Loyal Eugene Apple
Inducted 2019

By Rod Kossick

portrait photo of Loyal Eugene Apple
Photo courtesy AFB Helen Keller Archive

Loyal E. (Gene) Apple (1932-2018) was born in McCurtain, Oklahoma in 1932. He graduated from William Jewell College and attended the Southern Baptist Theological Seminary. Later he received his doctorate from the University of North Carolina, Chapel Hill.

Gene married his first wife, Grace, before being drafted into the Army, where he lost his vision in a training accident. In 1956 Gene was a patient at the Blind Rehabilitation Section of the Veterans Administration Hospital, Hines, Illinois.

He then became a Field Service Rep for the Blinded Veterans Association, and was promoted to National Field Service Director in Washington, D.C.

group photo
Photo courtesy AER O&M Division Bledsoe Archives

Gene was selected as Chief of the Hines V.A. Blind Section in 1960. He directed a program that equipped newly blinded veterans with skills to lead productive independent lives.

During this time, he recruited and trained cadre for two new centers. He participated in the development and diffusion of academic preparation of Orientation & Mobility Specialists at the master’s level and established clinical training for O&M Specialists and Rehabilitation Teachers. These programs were adopted as national standards and the O&M program became the international standard.

In 1967, Gene transferred to VA Hospital, Menlo Park, California, to organize and establish the new Western Blind Rehabilitation Center eventually located in Palo Alto. Research and programming under Gene’s leadership included projects for the evaluation and deployment of electronic mobility aids, reading machines, and CCTV magnifiers.

photo of Loyal Eugene Apple
Photo courtesy AER O&M Division Bledsoe Archives

One of his most significant achievements was a milestone conference on Low Vision. During this period, he was an adjunct professor at Western Michigan University and also taught workshops in the U.S. and Japan.

He served on the VA Medical Review Team for Rehabilitative Engineering R&D Service and, along with his wife Marianne began publishing Low Vision Abstracts, an international multidisciplinary research journal.

Gene also established critical training programs for university graduate programs in Orientation and Mobility and Rehabilitation Teaching.

One of Gene’s most notable hallmarks was his ability to codify, expand, and improve not only program services but the institutions he so ably directed. He was a master at collaborating, research, adjunct resources, and funding. Internships for Orientation and Mobility, and Rehabilitation Teaching were expertly directed, moving personnel towards certification in this field.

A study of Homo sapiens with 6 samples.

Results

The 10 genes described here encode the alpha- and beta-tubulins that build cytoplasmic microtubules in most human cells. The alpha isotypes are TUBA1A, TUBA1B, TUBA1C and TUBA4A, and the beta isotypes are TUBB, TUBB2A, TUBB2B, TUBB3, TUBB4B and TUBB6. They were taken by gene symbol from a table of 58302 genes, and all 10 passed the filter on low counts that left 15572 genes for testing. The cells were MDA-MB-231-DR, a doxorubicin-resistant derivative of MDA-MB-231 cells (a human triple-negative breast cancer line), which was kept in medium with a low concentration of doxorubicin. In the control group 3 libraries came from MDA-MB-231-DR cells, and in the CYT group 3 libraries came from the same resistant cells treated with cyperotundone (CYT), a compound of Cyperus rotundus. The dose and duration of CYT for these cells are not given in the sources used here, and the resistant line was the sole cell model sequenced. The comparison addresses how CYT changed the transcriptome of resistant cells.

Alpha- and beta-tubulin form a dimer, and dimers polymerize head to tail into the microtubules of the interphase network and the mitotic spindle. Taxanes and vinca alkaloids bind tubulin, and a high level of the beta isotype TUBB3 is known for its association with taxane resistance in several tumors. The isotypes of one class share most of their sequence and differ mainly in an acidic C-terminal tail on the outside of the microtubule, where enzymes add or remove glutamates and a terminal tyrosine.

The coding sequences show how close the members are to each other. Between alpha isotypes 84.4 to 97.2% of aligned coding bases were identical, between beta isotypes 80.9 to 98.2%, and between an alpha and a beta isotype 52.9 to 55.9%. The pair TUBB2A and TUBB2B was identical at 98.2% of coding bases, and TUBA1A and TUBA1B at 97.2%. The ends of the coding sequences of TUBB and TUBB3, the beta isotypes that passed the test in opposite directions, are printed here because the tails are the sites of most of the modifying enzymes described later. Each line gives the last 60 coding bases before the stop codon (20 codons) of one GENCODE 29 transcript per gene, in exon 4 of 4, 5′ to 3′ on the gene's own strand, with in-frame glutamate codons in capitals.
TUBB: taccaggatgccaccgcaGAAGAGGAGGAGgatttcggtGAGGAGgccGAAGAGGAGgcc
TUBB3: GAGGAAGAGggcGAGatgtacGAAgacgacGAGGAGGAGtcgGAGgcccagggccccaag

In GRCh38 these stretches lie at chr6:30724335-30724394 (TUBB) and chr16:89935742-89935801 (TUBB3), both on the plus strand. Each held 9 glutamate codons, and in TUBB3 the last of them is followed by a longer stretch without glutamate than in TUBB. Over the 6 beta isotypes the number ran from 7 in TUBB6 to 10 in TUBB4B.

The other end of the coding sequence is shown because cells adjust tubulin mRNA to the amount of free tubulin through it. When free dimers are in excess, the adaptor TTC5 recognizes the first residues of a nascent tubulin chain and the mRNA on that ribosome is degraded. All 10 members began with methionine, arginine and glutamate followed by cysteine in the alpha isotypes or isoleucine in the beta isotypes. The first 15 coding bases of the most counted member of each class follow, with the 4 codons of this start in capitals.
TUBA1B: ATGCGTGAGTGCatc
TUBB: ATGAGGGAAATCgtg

group photo
Photo courtesy AER O&M Division Bledsoe Archives

Gene was recruited in 1975 to reorganize and direct The American Foundation for the Blind in New York City. He directed that national agency in its educational, rehabilitation and legislative programs, consulting, manufacturing, mail-order services and publishing functions.

He independently commuted from New Jersey to New York City daily and sat at the desk once occupied by Helen Keller. He represented work for the blind in the U.S. and international forums and served on the executive committee of the World Council for the Welfare of the Blind.

photo of Loyal Eugene Apple
Photo courtesy AER O&M Division Bledsoe Archives

As Executive Director of AFB, Gene also led the first American delegation of blindness agencies and organizations to the Soviet Union, served on the Executive Committee of the World Council for the Welfare of the Blind, traveled to Saudi Arabia, Belgium, Sweden; and represented AFB at the trade show in Tokyo, Japan.

In 1980 Gene resigned from the Foundation and pursued his doctorate, after which he did research, taught at San Diego State University, and returned to the VA Palo Alto Center for Blinded Veterans.

During Gene’s illustrious career, he also found time to write and direct many grants supporting consultation, research, social factors affecting the blind population, employment of the blind, independent living, low vision services, tactile displays, and service for the aged.

In collaboration with his wife Marianne he established the first Low Vision Journal, opening a new and much needed service area for blind persons.

group photo
Photo courtesy AER O&M Division Bledsoe Archives

Gene Apple retired to North Carolina in 1995 where he enjoyed clay and wood sculpting and teaching others. His work in exhibits and shows often won prizes.

Gene wrote many articles and received a large number of awards and citations including: Outstanding Achievement from William Jewel College, the Major Melvin J. Mass Achievement Award from the Blinded Veterans Association, the Exemplary Leadership Award from Hines V.A. Hospital, and the Outstanding Service Award from the Disabled American Veterans.

He also served on many boards and directorships, including national and world organizations. Gene was the first elected President of the Mobility Interest Group, American Association of Workers for the Blind in 1965 and guided the organization towards a large profession that continues to grow today.

He also held many memberships in rehabilitation organizations and councils.

Gene Apple is remembered as a doer, scholar, mentor, advisor, optimist, friend, loving family man and one who continuously improved and moved services for blind and visually impaired forward.